The two black men arrested for sitting at a Philadelphia Starbucks have settled with the city for a symbolic $1 each and a promise from city officials to set up a $200,000 program for young entrepreneurs.

Rashon Nelson and Donte Robinson said the settlements are an effort to bring something positive out of the April 12th incident.

According to reports, the pair was meeting a man at the Starbucks over a real estate opportunity. 

One of them asked the manager to use the restroom but was denied the request because he did not buy anything. 

Nelson and Robinson were eventually asked to leave the location but refused and the employee called the police. 

Video of the incident shows the two men surrounded by police. 

One officer asked a man whether he is "with these gentlemen." The man, Andrew Yaffe, said he was and called the incident "ridiculous." 

"What did they get called for?" Yaffe, who is white, asked the police. "Because there are two black guys sitting here meeting me?"

The incident sparked outrage.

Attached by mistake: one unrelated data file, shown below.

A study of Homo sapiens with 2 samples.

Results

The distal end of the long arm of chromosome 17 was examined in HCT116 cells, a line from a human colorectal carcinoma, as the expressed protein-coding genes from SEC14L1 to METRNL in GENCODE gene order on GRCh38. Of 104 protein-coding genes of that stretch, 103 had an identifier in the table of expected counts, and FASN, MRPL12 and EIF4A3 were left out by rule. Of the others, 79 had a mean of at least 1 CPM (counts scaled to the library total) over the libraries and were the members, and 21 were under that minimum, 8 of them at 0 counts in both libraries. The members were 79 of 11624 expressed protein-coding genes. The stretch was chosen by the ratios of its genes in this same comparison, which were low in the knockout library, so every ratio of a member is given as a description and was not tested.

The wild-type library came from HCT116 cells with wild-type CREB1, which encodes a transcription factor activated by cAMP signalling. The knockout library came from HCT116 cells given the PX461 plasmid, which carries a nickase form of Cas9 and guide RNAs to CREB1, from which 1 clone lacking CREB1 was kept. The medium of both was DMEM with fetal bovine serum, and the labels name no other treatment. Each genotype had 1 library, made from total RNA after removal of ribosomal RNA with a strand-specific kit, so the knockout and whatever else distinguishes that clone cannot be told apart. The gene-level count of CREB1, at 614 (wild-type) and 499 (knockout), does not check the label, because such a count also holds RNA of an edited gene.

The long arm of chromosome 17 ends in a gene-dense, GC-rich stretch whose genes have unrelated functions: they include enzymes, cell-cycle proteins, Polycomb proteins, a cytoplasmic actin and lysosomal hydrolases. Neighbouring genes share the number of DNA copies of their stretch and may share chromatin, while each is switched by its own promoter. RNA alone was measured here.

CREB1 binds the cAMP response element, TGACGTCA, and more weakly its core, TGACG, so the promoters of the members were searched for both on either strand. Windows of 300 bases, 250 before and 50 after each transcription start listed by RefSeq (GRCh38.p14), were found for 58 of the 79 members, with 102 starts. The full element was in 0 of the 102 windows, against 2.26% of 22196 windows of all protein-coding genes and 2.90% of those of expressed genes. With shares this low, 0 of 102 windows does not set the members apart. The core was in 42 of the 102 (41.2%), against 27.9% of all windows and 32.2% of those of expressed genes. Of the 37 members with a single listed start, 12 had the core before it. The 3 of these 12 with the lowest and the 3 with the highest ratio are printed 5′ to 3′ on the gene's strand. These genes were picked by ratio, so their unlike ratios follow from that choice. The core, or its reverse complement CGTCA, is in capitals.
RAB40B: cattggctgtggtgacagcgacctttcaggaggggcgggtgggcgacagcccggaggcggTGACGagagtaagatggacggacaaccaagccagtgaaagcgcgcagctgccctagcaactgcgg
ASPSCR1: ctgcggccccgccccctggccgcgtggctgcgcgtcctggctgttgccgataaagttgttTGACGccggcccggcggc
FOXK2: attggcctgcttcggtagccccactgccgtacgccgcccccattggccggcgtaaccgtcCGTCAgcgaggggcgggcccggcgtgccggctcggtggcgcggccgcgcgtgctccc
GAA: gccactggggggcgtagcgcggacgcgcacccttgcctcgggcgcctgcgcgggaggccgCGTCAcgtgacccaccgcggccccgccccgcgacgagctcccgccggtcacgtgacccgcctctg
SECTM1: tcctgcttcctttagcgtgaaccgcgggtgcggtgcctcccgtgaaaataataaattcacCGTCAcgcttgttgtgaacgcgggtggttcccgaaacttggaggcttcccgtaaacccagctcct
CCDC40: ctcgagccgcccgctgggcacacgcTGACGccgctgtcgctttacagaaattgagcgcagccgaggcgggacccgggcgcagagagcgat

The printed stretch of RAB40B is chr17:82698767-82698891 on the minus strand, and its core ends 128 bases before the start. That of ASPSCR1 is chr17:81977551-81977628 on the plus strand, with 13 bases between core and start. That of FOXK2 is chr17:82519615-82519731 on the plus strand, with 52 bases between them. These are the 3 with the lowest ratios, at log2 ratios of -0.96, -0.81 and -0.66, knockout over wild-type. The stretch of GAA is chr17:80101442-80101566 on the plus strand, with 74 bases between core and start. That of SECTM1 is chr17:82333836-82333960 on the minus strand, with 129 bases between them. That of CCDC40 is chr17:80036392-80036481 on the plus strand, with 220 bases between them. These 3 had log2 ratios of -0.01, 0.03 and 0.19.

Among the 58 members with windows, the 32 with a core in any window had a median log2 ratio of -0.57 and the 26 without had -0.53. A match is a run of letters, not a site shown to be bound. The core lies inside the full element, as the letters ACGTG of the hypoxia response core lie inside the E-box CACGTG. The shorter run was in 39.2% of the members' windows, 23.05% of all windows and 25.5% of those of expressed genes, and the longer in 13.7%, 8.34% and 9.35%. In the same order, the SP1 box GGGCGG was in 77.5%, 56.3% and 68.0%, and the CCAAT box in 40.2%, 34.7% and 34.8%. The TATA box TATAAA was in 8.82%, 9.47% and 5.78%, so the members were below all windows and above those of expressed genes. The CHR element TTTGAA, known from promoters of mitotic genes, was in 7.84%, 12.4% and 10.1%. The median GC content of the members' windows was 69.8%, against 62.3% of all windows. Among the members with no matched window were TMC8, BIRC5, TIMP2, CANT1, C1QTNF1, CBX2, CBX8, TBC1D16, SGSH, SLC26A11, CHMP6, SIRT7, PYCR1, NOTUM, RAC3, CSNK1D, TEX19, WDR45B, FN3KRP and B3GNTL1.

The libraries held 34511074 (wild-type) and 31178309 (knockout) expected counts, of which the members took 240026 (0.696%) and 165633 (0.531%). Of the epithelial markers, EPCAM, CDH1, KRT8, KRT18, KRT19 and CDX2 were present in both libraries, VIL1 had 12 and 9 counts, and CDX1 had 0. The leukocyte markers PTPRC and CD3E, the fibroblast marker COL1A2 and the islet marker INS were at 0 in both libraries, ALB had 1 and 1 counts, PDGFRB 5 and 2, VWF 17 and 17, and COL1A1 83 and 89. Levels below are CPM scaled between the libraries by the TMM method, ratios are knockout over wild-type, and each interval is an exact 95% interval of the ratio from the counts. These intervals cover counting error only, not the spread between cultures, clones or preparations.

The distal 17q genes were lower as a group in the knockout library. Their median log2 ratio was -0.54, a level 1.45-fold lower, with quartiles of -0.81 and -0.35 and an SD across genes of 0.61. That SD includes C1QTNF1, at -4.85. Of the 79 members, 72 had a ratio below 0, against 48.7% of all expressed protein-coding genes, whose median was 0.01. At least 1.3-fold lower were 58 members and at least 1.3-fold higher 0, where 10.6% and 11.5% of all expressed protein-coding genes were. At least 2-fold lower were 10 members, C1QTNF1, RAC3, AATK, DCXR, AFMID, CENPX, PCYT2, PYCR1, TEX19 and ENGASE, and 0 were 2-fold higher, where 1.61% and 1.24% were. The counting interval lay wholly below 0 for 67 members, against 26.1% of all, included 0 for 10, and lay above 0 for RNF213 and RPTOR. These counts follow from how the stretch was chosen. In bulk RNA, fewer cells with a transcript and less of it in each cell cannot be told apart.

The CEO of Starbucks, Kevin James, traveled to Philadelphia and personally apologized to the men. 

"By now, you may be aware of a disheartening situation in one of our Philadelphia-area stores this past Thursday, that led to a reprehensible outcome," CEO Kevin Johnson wrote in a statement. 

Johnson has also scheduled racial bias training on May 29th for 8,000 Starbucks stores. 

Nelson and Robinson have since agreed not to file a lawsuit after receiving a $1 payment and an agreement by the city to give $200,000 to start a non-profit youth entrepreneur program. 

"The fact of the young men taking $1 each and the rest going to a good charitable source shows their character and what they're all about and we will try to make this a teachable moment and move forward," Philadelphia mayor Jim Kennedy said. 

Starbucks also announced an agreement with Nelson and Robinson, which includes a confidential financial settlement, a continued dialogue on diversity with former Attorney General Eric Holder, and full paid tuition for the men to finish out their college degrees.